European Recruitment: What is the role of the Headhunter and are they worth the money?

Headhunters work for the employers. They are not recruitment consultants.

Headhunting

They have experience across various industries and can effectively “find” candidates for jobs who may not actually be looking for a job!

The headhunter will  have good negotiating skills, be good at networking and be skilled in spotting potential in the candidates they will put forward for job vacancies.

A headhunters job of finding their clients candidates can be very time consuming and intensive.

The key to successful headhunting is getting a detailed and accurate brief from the client and this is an iterative basis as the accomplished headhunter slowly pulls from the client exactly what they want.

The steps are varied but might include the following:

  • Researching the market place/industry for potential
  • Identifying who will be best to target within chosen companies
  • Discretely make contact with the chosen potential candidates
  • Organise interviews and screening required of the candidate
  • Negotiate between the candidate and the client on salary, bonuses etc.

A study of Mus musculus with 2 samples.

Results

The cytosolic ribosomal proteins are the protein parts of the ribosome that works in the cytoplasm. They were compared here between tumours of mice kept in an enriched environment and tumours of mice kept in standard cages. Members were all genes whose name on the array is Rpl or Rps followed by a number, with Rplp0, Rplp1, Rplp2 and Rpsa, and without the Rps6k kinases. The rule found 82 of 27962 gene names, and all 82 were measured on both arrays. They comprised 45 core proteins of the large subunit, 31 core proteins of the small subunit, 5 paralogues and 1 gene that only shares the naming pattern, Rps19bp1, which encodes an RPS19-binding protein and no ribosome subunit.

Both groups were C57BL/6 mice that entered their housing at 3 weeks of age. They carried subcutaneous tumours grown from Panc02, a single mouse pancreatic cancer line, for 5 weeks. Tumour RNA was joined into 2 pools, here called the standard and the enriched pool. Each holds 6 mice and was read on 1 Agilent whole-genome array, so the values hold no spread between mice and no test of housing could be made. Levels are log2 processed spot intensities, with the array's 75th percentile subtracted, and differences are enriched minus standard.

• If it arises deal with the counter offer from the candidates existing employer
  • Assist with the resignation of the candidate from their current post

A professional headhunter has to have a broad skill set. This is best tested by clients during the job briefing stage:

  • Do they understand the industry?
  • Do they understand the skill set requirements?
  • Do they understand how the role fits within the target company?

If that understanding is not there, move on. Clients need to understand that it is the skill of the individual headhunter that is key not the logo on the letterhead.

Headhunting results vary tremendously but expect to pay at least 20% of the package for a one off assignment and probably 15% for repeat business but if it is routine business more akin to to the role of a recruitment consultant then you might get away with 10%.

However, the key is not the cost but the impact of the successful candidate on the client organisation which means that 20% can seem cheap or expensive. You pay your money and you make your choice.